Real median household income after taxes fell 8.8% to $64,240 from 2021 to 2022 and the poverty rate after taxes as measured by the Supplemental Poverty Measure (SPM) increased 59% to 12.4%.
Story by John Creamer, SPM team lead in the Census Bureau’s Poverty Statistics Branch, and Matt Unrath, chief of the Census Bureau’s Income Statistics Branch
These significant changes in after-tax income and poverty rates of U.S. households were much larger than the annual changes in before-tax income and poverty, according to U.S. Census Bureau data released earlier this month.
The expiration of expansions to refundable tax credits had a particularly important impact on SPM poverty.
The Census Bureau reports, Income in the United States: 2022 and Poverty in the United States: 2022, show that before taxes, median household income declined 2.3% to $74,580 and the poverty rate (11.5%), as measured by the official poverty measure, was not statistically different from 2021.
This dramatic difference can be attributed to key changes in federal tax policy.
In 2022, several policies enacted by the American Rescue Plan Act (ARPA) expired, including an expansion of the Earned Income Tax Credit (EITC) for filers without children and full refundability of the Child Tax Credit (CTC) and Child and Dependent Care Tax Credit (CDCTC). ARPA also increased the maximum amount of CTC.
In 2020 and 2021, most households also received Economic Impact Payments (EIP) that were no longer issued in 2022.
The rollback of these tax policies had the largest effect on post-tax income among the nation’s lowest-income households.
In 2021, for example, post-tax income at the 10th percentile, meaning at the bottom of the income distribution, was 17.1% higher than the corresponding pretax income estimate, reflecting the substantial boost that lower-income households received that year from the EIP and expanded CTC.
In contrast, the 2022 estimates of pretax and post-tax income at the 10th percentile were not significantly different (Figure 1).
Lower post-tax income, particularly at the bottom of the income distribution, also resulted in an increase in income inequality.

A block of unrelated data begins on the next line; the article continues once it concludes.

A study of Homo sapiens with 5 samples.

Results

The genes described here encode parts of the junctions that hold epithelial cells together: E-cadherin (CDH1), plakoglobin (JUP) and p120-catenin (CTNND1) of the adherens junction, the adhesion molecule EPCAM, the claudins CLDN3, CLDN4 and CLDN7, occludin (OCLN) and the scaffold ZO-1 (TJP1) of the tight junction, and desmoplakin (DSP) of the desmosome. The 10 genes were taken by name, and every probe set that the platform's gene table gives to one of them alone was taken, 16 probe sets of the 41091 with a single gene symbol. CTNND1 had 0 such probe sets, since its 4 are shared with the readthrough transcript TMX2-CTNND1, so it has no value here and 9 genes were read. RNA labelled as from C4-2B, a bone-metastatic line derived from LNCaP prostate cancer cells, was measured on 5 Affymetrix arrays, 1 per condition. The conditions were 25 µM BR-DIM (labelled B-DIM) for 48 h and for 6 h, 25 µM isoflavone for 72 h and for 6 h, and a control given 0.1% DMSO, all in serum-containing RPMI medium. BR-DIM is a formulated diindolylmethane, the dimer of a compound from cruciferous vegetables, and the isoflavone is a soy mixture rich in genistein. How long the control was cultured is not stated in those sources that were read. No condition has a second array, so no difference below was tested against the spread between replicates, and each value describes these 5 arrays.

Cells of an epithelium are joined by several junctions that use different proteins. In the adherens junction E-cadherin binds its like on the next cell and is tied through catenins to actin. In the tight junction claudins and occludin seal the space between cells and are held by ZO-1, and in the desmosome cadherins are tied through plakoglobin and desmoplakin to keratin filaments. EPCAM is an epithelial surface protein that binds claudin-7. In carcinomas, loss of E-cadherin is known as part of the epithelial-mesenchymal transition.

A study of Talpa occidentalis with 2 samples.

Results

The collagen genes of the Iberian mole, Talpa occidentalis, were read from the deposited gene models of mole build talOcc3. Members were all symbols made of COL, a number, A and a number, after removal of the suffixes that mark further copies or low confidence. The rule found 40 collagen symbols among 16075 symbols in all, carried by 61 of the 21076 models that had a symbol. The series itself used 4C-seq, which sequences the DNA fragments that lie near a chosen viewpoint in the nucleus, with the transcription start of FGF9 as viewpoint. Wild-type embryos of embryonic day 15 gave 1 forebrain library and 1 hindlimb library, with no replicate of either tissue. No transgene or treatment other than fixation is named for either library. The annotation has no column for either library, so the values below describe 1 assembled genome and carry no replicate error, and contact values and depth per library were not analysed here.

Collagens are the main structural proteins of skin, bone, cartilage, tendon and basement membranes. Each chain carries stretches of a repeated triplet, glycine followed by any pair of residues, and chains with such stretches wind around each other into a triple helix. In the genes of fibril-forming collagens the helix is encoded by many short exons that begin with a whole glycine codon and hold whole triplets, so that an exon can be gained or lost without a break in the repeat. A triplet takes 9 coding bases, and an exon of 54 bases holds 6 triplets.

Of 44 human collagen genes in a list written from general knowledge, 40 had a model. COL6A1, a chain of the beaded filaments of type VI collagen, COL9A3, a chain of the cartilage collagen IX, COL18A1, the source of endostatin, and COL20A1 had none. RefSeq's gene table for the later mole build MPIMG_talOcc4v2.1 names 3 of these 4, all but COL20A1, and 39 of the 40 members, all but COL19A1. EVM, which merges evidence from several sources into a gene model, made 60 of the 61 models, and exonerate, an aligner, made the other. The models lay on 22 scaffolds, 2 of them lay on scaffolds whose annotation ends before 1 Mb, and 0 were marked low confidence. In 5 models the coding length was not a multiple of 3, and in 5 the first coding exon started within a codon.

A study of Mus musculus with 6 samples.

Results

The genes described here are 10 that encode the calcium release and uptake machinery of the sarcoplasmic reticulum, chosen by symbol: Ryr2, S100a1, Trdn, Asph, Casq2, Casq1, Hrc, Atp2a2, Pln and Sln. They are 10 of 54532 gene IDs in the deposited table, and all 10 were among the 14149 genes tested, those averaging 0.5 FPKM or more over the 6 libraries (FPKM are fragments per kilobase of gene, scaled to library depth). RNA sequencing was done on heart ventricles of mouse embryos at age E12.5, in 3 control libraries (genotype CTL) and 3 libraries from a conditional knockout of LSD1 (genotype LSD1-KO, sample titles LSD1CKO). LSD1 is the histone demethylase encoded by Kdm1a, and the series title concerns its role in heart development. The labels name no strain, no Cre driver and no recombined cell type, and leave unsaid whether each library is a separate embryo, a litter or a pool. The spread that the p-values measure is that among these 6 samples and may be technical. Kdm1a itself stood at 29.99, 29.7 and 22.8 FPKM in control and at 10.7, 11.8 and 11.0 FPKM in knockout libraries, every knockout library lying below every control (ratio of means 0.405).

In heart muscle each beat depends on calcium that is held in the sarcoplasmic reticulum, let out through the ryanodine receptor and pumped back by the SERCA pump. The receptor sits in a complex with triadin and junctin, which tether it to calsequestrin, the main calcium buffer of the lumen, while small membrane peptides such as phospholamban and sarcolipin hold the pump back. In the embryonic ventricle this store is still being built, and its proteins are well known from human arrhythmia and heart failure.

The Gini index, a common measure of how spread out or unequal incomes are, for pretax income was 1.2% lower in 2022 than in 2021, reflecting real income declines at the top of the income distribution. However, the post-tax Gini index was 3.2% higher due to substantial declines in post-tax income among lower-income households.
Lower Income, Higher Poverty
The decline in post-tax income also corresponds to an increase in the SPM, which incorporates noncash government assistance programs like the Supplemental Nutritional Assistance Program (SNAP) and taxes, through income and payroll taxes and refundable tax credits like the CTC and EITC.
The 4.6 percentage point increase in the SPM poverty rate was driven almost entirely by the change in tax policy (Figure 2). When a version of the SPM excluding taxes is examined, the poverty rate did not change: 12.6% in 2022, not statistically different from 2021.
The expiration of expansions to refundable tax credits had a particularly important impact on SPM poverty (Figure 3).
In 2021, 9.6 million people were kept out of poverty due to refundable tax credits. This number declined to 6.4 million in 2022 as the pandemic era expansions expired. The effect declined for each of the major age groups, with 3.5 million children lifted out of poverty in 2022 compared to 4.9 million in 2021.
The technical documentation page includes information on confidentiality protection, methodology, sampling and nonsampling error, and definitions. All comparative statements in this report have undergone statistical testing, and, unless otherwise noted, all comparisons are statistically significant at the 90 percent significance level.